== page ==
We've spent more than enough money on the pandemic to deliver a fantastic summer for most Americans. As long as the vaccines roll out at the current pace, we'll soon be walking the mall, dining out and rebooking family vacations as if nothing had ever happened. Some of us may even have a little extra cash in our pockets — either saved or as a stimulus check — to compensate for a long, lonely lockdown.
But that, it turns out, was the easy part. Now, the Biden administration is attempting to keep the U.S. economy from sinking back to its pre-pandemic, low-growth rut. Without any further government action, this year's generous fiscal support will likely turn into a stiff headwind that could easily cut the celebration short.
President Joe Biden's next spending plans are as ambitious as they come, including efforts to redress inequality and take on climate change. But even the central economic goal to support higher sustainable growth rates remains a tall order. Investors need to answer two key questions: Will the money arrive before the effect from the stimulus runs out, and will it really do enough to overcome the forces of automation and demographics that helped drive growth lower over the last decade?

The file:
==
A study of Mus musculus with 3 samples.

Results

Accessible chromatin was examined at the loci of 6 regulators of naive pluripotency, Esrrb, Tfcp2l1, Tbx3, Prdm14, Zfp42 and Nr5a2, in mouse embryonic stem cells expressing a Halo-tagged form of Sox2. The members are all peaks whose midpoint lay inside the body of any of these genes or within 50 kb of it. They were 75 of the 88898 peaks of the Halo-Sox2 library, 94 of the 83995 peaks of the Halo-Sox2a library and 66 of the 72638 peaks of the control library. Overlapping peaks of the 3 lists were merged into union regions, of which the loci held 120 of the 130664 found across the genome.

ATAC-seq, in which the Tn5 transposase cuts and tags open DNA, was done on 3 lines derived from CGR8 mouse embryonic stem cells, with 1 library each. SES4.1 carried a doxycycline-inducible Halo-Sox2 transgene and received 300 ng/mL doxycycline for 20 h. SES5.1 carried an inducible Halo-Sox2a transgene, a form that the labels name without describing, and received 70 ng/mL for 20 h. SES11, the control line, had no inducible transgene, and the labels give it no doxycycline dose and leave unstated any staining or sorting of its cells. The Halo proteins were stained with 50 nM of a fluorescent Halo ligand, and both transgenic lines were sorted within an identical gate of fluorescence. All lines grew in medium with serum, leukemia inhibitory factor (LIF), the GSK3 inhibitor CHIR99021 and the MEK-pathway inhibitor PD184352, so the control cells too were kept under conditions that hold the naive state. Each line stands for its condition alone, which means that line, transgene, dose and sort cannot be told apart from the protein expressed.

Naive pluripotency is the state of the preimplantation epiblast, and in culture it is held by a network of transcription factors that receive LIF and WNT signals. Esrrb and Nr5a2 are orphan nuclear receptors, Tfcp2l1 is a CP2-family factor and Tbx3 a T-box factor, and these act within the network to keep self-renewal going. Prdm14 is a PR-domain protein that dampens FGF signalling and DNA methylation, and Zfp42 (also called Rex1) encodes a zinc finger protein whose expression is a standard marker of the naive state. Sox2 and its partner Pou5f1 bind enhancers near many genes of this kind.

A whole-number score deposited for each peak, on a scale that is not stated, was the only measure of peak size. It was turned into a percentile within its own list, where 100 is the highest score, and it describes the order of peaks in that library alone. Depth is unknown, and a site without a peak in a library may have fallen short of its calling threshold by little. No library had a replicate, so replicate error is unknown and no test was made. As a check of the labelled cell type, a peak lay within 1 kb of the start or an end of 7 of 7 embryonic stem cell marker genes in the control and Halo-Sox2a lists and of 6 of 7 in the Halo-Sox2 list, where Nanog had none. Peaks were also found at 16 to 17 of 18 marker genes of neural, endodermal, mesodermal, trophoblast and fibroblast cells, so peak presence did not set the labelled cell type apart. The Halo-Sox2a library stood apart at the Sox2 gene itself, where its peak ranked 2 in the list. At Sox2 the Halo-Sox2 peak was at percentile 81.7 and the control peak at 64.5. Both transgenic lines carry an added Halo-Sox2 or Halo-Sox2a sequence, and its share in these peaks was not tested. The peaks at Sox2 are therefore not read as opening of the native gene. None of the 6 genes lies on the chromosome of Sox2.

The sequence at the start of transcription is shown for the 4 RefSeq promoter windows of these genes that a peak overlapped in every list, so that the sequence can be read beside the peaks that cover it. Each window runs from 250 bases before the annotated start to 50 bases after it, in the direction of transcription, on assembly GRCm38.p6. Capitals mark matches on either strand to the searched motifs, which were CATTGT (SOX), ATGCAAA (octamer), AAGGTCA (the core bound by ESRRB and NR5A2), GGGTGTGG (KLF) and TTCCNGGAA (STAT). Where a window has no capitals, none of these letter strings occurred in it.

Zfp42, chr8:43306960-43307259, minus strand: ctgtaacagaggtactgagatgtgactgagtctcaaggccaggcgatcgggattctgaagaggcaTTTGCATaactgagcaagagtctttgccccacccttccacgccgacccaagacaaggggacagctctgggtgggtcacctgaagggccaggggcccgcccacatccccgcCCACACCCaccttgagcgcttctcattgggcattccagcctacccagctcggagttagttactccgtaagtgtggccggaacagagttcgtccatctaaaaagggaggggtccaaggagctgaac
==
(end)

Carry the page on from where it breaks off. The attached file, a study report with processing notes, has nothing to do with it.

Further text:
The answer to the first question depends crucially on the mix of spending and tax increases that Congress and the president manage to agree on. Legislative outcomes are notoriously difficult to predict, especially with such a thinly divided Senate, but packaging an initial $2 trillion proposal around popular spending to fix roads, bridges and tunnels seems likely to succeed in some form.
Large parts of the program devoted to research and job training have drawn criticism for being far beyond the scope of traditional infrastructure, but from a macroeconomic perspective, this spending might help support demand until the more complicated hard infrastructure projects are actually shovel ready.
Of course, the higher taxes the president envisions to pay for it all will surely take a bite out of corporate earnings. The actual impact, however, will depend as much on what new deductions firms may be allowed to take even as the headline rates rise. There will likely be plenty of incentives to encourage private investment. And if ever there were a time to reclaim half the tax cuts of 2017, it's probably during a year of economic growth that may top 8%.